A currency battle. Accusations of commercial piracy. An emerging strategic rivalry. The United States and China were fairly cordial to each other in George W. Bush's first term as president. But now, with trade tensions rising and both sides examining their long-term interests more openly, the two countries may be entering a period characterized more by competition, if not confrontation, rather than cooperation.
Certainly, the tenor of the relationship has gotten edgier. The White House is demanding that China allow its currency to appreciate against the dollar. The U.S. Trade Representative's Office is dunning Chinese officials about violations of intellectual property laws, and Congress is threatening to impose heavy duties on Chinese imports in response to Beijing's yawning, $162 billion trade surplus. Meantime, Chinese officials are getting prickly about perceived U.S. bullying, and Prime Minister Wen Jiabao told a U.S. Chamber of Commerce delegation in late May that his country would never bow to pressure to revalue its currency.
In years past, when Washington quarreled with such countries as Japan, Korea, Taiwan and Thailand over trade issues, it was doing so with junior allies that had no pretensions of challenging America's superpower status. China is a different matter. It has ambitions of becoming a major power, and it's not a U.S. ally. For those reasons, the United States enjoys far less leverage with its government--and that portends a more fractious relationship in the years ahead. In the tussle over the undervalued yuan, for example, the Bush administration is confronting not only a major source of transpacific trade imbalances but China's wish to replace the dollar with the yuan as Asia's dominant currency.
That's not to say that Beijing won't give way; several prominent Chinese economists are urging the country's leadership to revalue the yuan soon. Xia Yeliang, an influential professor at the School of Economics at Beijing University, recently wrote a paper urging the government to raise the value of the renminbi by 8 percent to 10 percent by this fall--and by another 50 percent within three years. But the men who run China don't like to be pushed around--by outsiders or insiders. To Xia's dismay, his article has not been widely published in the state media, which he attributes to not wanting to look weak in the face of U.S. pressure. "The revaluation issue is sensitive and relates to the state's sovereignty," Xia told NEWSWEEK. "The government won't give up its principles because of pressures from the U.S. Congress."
The trade row is playing out just as the two sides have agreed to hold high-level talks this summer. Deputy Secretary of State Robert Zoellick will represent the United States. China hasn't yet announced who will lead its delegation, but a U.S. official thinks it's likely to be Zoellick's counterpart, Dai Bing Guo, the Chinese vice foreign minister. "The idea is to go beyond our usual talking points and get at issues that [fit] in the nexus of economics and security," says the official. Energy is one example. Both nations are major consumers of oil, and "there is the potential for competition for diminishing resources. How can we avoid worst-case scenarios?"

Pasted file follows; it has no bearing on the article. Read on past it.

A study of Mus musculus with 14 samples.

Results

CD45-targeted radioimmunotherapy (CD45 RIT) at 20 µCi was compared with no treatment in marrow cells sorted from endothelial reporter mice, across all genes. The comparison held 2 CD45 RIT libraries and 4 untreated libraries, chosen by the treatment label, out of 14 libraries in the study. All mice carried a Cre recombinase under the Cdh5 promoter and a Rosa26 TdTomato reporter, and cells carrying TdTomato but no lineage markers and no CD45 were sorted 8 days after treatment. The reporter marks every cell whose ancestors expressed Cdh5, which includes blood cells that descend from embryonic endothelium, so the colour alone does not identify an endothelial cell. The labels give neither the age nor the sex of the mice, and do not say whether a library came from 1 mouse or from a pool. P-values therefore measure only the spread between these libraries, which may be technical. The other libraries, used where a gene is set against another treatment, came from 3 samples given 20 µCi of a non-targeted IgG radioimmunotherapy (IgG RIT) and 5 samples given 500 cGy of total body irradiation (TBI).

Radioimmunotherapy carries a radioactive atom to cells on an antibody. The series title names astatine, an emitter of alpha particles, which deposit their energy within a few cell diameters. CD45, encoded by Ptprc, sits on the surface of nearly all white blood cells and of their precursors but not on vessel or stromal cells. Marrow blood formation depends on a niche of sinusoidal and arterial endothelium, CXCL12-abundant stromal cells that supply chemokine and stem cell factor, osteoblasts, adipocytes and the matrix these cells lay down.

The White House is not eager for confrontation with Beijing. Though there had been plenty of Bush administration grumbling, it wasn't until two weeks ago, when Congress passed legislation that would slap retaliatory duties on Chinese goods, that the Treasury Department actually demanded that China revalue the yuan. Aids on Capitol Hill say a vote on the legislation, an amendment to a related bill, is expected by the end of the summer. "There was an agreement [in the Bush administration] that U.S. criticism of China would be muted," says Nicholas Lardy, a senior fellow at the Institute for International Economics in Washington. "They were happy just asking China to be flexible on the issue."
In late May the U.S. Trade Representative's Office led talks with Chinese officials over copyright- and trademark-protection disputes. But that's a massive issue, and there's little chance that it will be resolved in a way satisfactory to the United States any time soon. A U.S. Trade official says that part of the problem is that too few American companies have formally complained against alleged Chinese violators; he thinks that's because "they're afraid of recrimination and retaliation from local Chinese government officials." The United States delivered a "tough message" in the talks, says the official, and urged Beijing to end an "epidemic of infringements on intellectual property rights." But taking the matter to the WTO remains a distant prospect. "We need to demonstrate we can be tough on China," he says. But in the future, "you'll see a very nuanced approach from the U.S. government."
Tough and nuanced? If China climbs down on the currency issue, the two countries may yet continue their politely competitive relationship. But as China's economic and strategic clout grows, both sides are all to likely to eschew deference for toughness.